Malaysia has agreed to buy 12.8 million doses of Pfizer’s COVID-19 vaccine, becoming the first country in Southeast Asia to announce a deal with the US drugmaker after some expressed reservations over the need for ultra-cold storage.
While final trial data showed that Pfizer’s vaccine is 95 per cent effective, many Asian countries are not betting on it partly due to tropical heat, remote island communities and a lack of ultra-cold freezers.
Pfizer’s vaccine, jointly developed with German partner BioNTech, must be stored and transported at minus 70 degrees Celsius (-94F), although it can be kept in a fridge for up to five days, or up to 15 days in a thermal shipping box.
Prime Minister Muhyiddin Yassin said on Friday that Malaysia would prioritise “high-risk groups… including frontliners, senior citizens, and those with non-communicable diseases, such as heart diseases and diabetes”.
Pfizer will deliver the first one million doses in the first quarter of 2021, with 1.7 million, 5.8 million and 4.3 million doses to follow in subsequent quarters.
The deal is expected to cover 6.4 million Malaysians, or 20 per cent of the population, with another 10 per cent to be covered under Malaysia’s participation in the global COVAX facility, backed by the World Health Organization.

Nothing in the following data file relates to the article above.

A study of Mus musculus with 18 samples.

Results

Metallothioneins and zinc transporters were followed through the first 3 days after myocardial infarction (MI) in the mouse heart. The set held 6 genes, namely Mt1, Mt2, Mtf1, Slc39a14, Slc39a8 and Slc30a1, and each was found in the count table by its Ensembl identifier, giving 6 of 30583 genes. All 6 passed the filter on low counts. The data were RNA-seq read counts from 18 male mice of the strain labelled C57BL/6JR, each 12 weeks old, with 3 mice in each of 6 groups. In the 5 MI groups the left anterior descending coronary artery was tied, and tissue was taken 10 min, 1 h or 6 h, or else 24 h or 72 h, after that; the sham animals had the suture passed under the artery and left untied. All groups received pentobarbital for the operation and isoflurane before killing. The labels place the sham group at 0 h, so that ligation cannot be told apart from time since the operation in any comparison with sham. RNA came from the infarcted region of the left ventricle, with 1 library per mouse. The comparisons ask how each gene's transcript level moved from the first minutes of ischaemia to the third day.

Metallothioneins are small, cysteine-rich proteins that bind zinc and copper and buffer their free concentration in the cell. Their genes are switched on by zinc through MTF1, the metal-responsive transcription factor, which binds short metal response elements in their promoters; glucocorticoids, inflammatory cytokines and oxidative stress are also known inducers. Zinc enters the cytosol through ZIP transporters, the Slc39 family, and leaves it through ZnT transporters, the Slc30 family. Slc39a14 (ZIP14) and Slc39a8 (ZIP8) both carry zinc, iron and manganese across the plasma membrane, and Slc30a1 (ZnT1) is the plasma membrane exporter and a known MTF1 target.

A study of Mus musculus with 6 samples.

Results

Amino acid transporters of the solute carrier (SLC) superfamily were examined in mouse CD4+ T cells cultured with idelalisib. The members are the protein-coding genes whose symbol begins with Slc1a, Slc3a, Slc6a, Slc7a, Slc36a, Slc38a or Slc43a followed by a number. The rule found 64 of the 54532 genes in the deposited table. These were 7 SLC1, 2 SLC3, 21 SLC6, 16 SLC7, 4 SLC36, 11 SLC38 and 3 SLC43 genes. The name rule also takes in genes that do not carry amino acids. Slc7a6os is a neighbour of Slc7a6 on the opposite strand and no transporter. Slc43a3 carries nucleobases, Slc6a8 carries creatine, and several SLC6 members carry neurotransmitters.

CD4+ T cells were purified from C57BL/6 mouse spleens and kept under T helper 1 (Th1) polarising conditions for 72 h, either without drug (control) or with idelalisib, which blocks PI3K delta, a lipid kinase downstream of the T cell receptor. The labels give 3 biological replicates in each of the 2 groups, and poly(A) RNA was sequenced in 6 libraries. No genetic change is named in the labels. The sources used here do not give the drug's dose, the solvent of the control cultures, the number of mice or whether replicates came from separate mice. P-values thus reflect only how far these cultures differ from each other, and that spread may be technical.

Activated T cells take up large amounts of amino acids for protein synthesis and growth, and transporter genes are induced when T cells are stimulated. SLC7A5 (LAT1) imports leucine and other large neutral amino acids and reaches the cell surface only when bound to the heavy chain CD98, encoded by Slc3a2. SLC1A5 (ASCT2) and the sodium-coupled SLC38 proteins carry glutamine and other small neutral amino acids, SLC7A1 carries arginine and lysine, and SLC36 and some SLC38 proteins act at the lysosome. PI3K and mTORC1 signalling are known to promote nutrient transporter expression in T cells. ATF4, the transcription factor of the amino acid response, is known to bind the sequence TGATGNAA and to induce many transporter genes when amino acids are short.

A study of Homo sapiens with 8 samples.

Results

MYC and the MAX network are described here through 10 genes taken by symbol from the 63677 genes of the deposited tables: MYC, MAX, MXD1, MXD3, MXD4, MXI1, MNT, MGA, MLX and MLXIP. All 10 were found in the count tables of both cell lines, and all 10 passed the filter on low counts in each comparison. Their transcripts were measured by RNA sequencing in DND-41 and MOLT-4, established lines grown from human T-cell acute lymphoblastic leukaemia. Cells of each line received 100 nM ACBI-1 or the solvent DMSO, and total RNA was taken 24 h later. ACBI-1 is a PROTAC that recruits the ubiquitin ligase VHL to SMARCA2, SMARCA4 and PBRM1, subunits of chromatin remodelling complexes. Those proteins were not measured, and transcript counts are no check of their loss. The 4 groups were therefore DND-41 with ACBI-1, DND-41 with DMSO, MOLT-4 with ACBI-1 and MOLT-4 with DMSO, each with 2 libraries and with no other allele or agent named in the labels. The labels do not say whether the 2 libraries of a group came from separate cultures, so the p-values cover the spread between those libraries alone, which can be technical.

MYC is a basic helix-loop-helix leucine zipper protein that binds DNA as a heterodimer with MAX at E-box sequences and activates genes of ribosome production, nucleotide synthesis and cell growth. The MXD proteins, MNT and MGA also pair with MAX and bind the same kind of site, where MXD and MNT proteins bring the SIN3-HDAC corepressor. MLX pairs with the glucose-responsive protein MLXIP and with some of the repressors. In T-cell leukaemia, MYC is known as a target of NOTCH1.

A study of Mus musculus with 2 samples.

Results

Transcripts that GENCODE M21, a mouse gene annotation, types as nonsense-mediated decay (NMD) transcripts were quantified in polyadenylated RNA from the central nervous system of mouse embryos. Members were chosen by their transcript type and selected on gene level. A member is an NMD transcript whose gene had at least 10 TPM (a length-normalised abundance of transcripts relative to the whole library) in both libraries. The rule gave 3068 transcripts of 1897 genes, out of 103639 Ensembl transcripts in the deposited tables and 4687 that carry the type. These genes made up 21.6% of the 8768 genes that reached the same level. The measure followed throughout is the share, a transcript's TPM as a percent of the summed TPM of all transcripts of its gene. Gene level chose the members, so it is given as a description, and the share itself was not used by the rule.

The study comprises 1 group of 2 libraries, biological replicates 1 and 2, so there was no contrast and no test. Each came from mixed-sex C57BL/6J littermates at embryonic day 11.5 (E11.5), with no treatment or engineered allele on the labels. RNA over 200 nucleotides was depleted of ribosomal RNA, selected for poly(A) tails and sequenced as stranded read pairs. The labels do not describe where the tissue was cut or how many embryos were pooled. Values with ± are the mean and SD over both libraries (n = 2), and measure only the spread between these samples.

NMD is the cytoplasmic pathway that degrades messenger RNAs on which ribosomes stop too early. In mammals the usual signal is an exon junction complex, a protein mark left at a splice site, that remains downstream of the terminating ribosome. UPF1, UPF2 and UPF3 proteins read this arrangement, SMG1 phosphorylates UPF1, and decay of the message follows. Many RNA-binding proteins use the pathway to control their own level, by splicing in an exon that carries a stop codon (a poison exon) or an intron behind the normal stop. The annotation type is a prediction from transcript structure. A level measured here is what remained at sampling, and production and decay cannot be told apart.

Malaysia, which will distribute the vaccine to its people for free, reported 1,109 new COVID-19 infections on Friday.
The country is also planning to run a Phase 3 trial of an experimental vaccine developed by the Chinese Academy of Medical Sciences. The trial will involve 3,000 participants.
Pfizer’s vaccine still requires approvals from regulators including the US Food and Drug Administration (FDA) and Malaysia’s Health Ministry before it can be distributed, Muhyiddin said during a televised address.
The FDA plans a meeting on December 10 to discuss whether to authorise the Pfizer vaccine for emergency use.
Pfizer and BioNTech have supply deals with several countries including the United States, Germany, Japan, Canada, Australia and Britain.
They expect to produce globally up to 50 million doses of vaccines in 2020 and up to 1.3 billion doses in 2021.
More than 150 potential vaccines are being developed and tested globally to stop the COVID-19 pandemic, with 48 in human trials, the WHO says.
This week AstraZeneca said its vaccine developed by Oxford University could be around 90 per cent effective, following positive results from Pfizer, Moderna Inc and Russia’s Sputnik V.